Glucosamine For Arthritis – Does It Work?
What is Glucosamine?
Glucosamine is a common supplement used to delay the cartilage breakdown in joints. In arthritis, our joint cartilages tend to suffer from degradation or degeneration, which causes pain and swelling. Glucosamine can help in countering the effect of this degradation by slowing this process. In addition, glucosamine protects the specialized cells (chondrocytes) that play their role in maintaining cartilage structure.
Cartilage is the natural cushion between joints which is responsible for:
- Smooth movements
- The pain-free motion of the joints
Glucosamine is a body’s natural compound which is available in two forms:
- Glucosamine hydrochloride
- Glucosamine sulfate
Use of glucosamine for joint health
Globally, glucosamine has its popularity as the most effective supplement for osteoarthritis (OA) (3).
In the case of RA (rheumatoid arthritis), our body’s immune system starts attacking itself, leading to connective tissue and cartilage destruction. Unlike OA, this destruction doesn’t depend on the wear and tear of daily life. There are reliable sources that recommend the use of glucosamine supplements for the treatment of rheumatoid arthritis and osteoarthritis.
Glucosamine plays its beneficial role in joint health by (4):
- Reducing the concentration of pro-inflammatory factors in the body as interleukin-6, interleukin-1, and tumor necrosis factor
- Improving the synthesis of specialized proteoglycans which can inhibit the degradation of cartilage and improve the joint mobility and functioning
Furthermore, glucosamine also helps in refining the cellular redox state, which in turn:
- Reduces the oxidative damage
- Fights free radicals
- Upregulates or enhances enzyme levels and anti-oxidant proteins
- Inhibits the reactive oxygen species production
- Delays the osteoarthritis progression
The most characteristic features of arthritis are pain, swelling, and stiffness in the joints. Lack of ROM (range of motion) and mobility are the secondary symptoms of arthritis. In conclusion, glucosamine can significantly improve these symptoms and the range of motion of the joint.
Several pieces of evidence support the effectiveness of glucosamine for the treatment of arthritis and joint health.
According to a study, a two year-period of glucosamine supplementation in 572 patients brought significant results in the condition. The dosage of glucosamine in this clinical trial was 500 mg three times a day. There was a significant radiographic improvement of OA with glucosamine and a combination of glucosamine with other supplements (5).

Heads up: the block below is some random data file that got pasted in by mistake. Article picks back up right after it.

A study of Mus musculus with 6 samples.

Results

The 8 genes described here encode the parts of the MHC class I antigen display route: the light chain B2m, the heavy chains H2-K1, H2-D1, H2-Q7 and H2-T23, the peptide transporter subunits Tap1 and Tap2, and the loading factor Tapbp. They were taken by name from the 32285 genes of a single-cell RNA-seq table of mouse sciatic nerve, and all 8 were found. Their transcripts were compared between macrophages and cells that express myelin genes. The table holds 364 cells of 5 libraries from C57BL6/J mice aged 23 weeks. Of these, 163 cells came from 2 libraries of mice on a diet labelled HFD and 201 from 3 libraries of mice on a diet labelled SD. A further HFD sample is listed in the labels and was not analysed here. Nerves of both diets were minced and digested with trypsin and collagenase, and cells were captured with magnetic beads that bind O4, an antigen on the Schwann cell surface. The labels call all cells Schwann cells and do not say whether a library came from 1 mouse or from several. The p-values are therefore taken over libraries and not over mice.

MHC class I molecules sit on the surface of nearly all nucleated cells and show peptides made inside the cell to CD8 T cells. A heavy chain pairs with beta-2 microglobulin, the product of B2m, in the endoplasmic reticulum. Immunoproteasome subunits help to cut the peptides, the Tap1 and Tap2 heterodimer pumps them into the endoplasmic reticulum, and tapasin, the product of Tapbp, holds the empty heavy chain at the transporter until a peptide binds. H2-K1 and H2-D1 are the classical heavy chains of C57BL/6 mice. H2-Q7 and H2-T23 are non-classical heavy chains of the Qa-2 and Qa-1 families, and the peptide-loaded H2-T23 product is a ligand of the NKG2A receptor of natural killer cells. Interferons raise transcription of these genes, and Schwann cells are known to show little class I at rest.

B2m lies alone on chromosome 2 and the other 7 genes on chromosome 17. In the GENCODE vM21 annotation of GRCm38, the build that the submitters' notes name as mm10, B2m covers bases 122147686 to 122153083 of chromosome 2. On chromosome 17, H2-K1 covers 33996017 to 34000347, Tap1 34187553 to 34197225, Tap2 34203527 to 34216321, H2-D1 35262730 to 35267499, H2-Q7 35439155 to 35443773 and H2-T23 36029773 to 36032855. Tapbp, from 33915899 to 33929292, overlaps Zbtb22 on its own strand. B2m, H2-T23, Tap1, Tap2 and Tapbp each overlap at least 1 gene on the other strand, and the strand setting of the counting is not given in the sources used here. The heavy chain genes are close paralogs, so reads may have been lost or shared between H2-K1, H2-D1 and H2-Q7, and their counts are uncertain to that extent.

Likewise, another study enrolled about 200 participants with joint pain (arthritis). This clinical trial used a dosage of glucosamine as 1500 mg daily. This trial continued for three years, which showed significant improvement in joint functioning, stiffness, and pain (6).
According to one animal study (7), glucosamine can inhibit the gene expression of osteoarthritis in the cartilage.
So yes, with the help of long-termed glucosamine administration, we can achieve reduction in cartilage destruction and joint pain.
Supplement formulations and doses of glucosamine
Glucosamine is in several forms or formulations as:
- N-acetyl glucosamine
- Glucosamine sulfate
- Glucosamine hydrochloride
A combination of chondroitin sulfate and glucosamine can work the best in several clinical trials. In addition, glucosamine sulfate has several benefits over other formulations for arthritis conditions.
Glucosamine is available in the form of intramuscular and oral formulations
In terms of the oral formulations, the recommended dosage of glucosamine is:
- 250 mg tablets or capsule three times a day with meals (preferably)
- The treatment duration should at least be six weeks or longer according to your needs
In the case of intramuscular glucosamine administration, the recommended dosage is
- 400-800 mg glucosamine three times a week for at least four to six weeks or even longer (according to your needs)
Furthermore, glucosamine therapy is beneficial if you repeat it at an interval of two months or at a time when your symptoms recur (10).
Side-effects and interactions
The most common side-effects associated with the use of glucosamine are:
- Liver toxicity or injury
- Stomach upset
- Heartburn and drowsiness
- Nausea, constipation, and diarrhea
Individuals who are allergic to or sensitive to shellfish should avoid taking glucosamine supplements. In addition, the risk of bleeding may increase as a result of the drug interaction with Warfarin.
Moreover, glucosamine can also interact with acetaminophen (paracetemol), which can reduce the efficacy of both the medicine and supplements.
Glucosamine has a few contraindications in certain cases as:
- Patients with hypersensitivity to glucosamine sulfate
- Oral formulations are contraindicated for patients suffering from phenylketonuria
- Intramuscular glucosamine is not beneficial for patients with heart conditions because it contains lidocaine
Arthritis is the most common condition of joints leading to pain and mobility problems. Glucosamine supplements can help with combating joint deterioration and improving joint pain and mobility. It’s important to discuss the risks and benefits of glucosamine supplementation with your GP as part of your arthritis management plan.